YANGON - Myanmar's goal of achieving a 100 per cent electrification rate by 2030, with 20 per cent of energy from renewable sources, is achievable but several hurdles need to be tackled first, energy experts have said.
At the Myanmar Green Energy Summit 2016 last week, panellists agreed that hydroelectricity, plus wind and solar energy, were good choices given available resources.
But all conceded that the tricky political situation, a weak regulatory framework, lack of investors and technologies, haphazard resource management and natural disasters were obstacles hindering the energy sector from flourishing.
Thoung Win, chair of the Energy and Renewable Energy Committee, admitted that it would be a long time before Myanmar could attain both goals to fully satisfy demand and be environmentally friendly.
He said: “Universal means a 100 per cent and 100 per cent cannot be done. Currently, we are in the year 2015 [phase] and we have got 32 to 34 per cent electrification. In another five years, we are going to hit 46 per cent. And in another 10 years, in the year 2025, we will have around 64 per cent. And in 2030, we are supposed to have universal access. [But] this is very ambitious.”
He said there was a severe lack of funds for rehabilitating and maintaining existing energy infrastructure, while it was difficult for private investors given they could suffer major potential investment losses.
He said pricing structure distortion caused macroeconomic imbalances, and subsidies were unsustainable.
“Subsidies have resulted in inefficient energy utilisation in all categories of consumers, providing disincentives for instituting energy conservation and efficiency improvement programmes in the industrial sector. They are the root cause for the lack of any public desire to save energy,” Thoung Win said.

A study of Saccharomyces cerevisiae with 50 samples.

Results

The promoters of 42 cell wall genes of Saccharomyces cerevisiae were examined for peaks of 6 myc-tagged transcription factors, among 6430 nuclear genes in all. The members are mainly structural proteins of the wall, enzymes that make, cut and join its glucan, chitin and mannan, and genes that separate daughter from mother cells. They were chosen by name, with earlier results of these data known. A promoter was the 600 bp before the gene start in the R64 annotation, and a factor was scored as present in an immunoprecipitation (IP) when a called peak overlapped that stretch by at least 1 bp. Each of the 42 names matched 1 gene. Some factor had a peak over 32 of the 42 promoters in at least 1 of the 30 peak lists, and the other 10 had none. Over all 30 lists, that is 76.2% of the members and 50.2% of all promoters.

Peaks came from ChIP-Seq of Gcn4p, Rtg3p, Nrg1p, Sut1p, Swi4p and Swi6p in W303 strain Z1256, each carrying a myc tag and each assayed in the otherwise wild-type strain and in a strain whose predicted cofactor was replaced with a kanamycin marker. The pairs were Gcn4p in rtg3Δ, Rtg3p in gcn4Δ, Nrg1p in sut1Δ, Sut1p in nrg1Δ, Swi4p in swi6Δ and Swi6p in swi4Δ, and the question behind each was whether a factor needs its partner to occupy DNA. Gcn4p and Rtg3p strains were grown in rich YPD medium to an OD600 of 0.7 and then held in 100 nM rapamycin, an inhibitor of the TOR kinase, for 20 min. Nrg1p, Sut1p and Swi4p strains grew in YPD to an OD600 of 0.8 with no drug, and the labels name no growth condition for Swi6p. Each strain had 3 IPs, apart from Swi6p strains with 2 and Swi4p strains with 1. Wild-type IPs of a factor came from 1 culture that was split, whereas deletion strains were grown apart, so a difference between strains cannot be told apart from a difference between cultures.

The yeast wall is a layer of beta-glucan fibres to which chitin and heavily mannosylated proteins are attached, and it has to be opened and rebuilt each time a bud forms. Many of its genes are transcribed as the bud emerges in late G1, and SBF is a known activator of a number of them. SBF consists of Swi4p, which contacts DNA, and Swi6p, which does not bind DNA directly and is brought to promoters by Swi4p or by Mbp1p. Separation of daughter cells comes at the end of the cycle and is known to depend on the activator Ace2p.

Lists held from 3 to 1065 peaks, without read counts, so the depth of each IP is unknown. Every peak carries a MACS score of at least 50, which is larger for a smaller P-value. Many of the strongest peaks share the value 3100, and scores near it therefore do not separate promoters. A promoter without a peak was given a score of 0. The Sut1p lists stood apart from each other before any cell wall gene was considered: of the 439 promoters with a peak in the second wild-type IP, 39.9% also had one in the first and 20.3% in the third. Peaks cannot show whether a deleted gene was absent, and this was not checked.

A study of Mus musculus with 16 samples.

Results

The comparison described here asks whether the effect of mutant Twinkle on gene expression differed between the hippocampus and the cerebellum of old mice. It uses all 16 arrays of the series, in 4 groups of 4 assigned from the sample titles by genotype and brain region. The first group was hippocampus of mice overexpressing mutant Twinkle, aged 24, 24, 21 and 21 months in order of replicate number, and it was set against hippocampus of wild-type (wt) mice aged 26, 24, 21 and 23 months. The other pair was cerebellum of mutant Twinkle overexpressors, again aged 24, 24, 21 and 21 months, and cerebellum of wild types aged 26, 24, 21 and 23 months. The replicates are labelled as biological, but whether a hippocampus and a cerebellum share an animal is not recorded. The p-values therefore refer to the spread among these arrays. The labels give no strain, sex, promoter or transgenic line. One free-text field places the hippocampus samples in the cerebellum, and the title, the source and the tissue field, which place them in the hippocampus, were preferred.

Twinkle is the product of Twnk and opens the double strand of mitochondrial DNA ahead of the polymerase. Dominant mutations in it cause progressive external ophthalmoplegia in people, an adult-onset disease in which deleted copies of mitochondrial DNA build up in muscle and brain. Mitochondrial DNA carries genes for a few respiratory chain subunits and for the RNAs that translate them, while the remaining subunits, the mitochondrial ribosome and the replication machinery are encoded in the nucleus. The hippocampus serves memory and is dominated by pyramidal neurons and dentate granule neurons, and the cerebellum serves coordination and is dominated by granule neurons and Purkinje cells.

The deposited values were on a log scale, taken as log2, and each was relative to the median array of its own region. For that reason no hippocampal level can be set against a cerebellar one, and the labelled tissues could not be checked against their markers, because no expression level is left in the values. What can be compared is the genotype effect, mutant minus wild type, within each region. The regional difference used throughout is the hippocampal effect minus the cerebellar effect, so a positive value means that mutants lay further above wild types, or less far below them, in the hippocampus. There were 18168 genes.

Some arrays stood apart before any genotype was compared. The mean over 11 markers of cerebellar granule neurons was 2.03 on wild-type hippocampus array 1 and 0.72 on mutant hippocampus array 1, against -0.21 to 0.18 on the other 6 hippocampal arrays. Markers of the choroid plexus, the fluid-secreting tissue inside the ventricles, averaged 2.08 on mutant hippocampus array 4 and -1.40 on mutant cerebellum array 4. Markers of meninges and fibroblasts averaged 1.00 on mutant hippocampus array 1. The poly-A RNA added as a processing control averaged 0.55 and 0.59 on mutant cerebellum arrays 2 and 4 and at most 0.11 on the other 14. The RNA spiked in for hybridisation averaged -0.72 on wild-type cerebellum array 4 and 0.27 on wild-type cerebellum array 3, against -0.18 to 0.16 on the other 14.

According to the energy ministry’s revenue and expenditure budget estimate for the 2016/17 fiscal year, the average overall cost for generation, transmission and distribution stands at 70 US cents per kilowatt. The previous subsidised price was 60 cents per kWh.
Thoung Win blamed the current situation on the former government’s mismanagement – policies that heavily favoured fossil fuel-based energy sources. That led to a lack of consumer awareness on renewable energy, which led in turn to a scarcity of both local and foreign investors in the sector.
Meanwhile, business operators were too focused on expansion instead of energy conservation.
One idea in the National Electricity Master Plan proposed by the Japan International Cooperative Agency calls for a balance of all available energy sources – hydro, gas, coal and renewables. This would lessen environmental impacts and keep the power tariff at only 50 cents per kWh, the agency said. Hydropower was seen as the best source given it is the cheapest.
At present, hydropower generates 65 per cent of electricity. Under the energy master plan, the ratio would be lowered to 38 per cent by 2030. However, this would still require the building of more dams in line with huge power demand in the years ahead. This plan has met strong opposition from local villagers and environmentalists.
According to Wunna Htun, deputy director of design at the Hydropower Implementation Department, Myanmar operates 27 hydropower plants which generate 3,214 megawatts. But in the dry season, they can generate only 30-35 per cent of that capacity.
A further hydro projects with |an installed capacity of 1,780 MW are under construction and an |additional 45 plants with a combined 41,331 MW are planned. If all the projects are completed, Myanmar would have 80 hydropower plants that can generate 46,325 MW.
Myanmar’s power consumption has doubled over the last decade. Yangon has the highest electrification ratio at 67 per cent, followed by 54 per cent in Nay Pyi Taw, 37 per cent in Kayah State and 31 per cent in Mandalay.
Yangon region Chief Minister Phyo Min Thein said per-capita consumption was only 100 KWh per year, the lowest in Asean.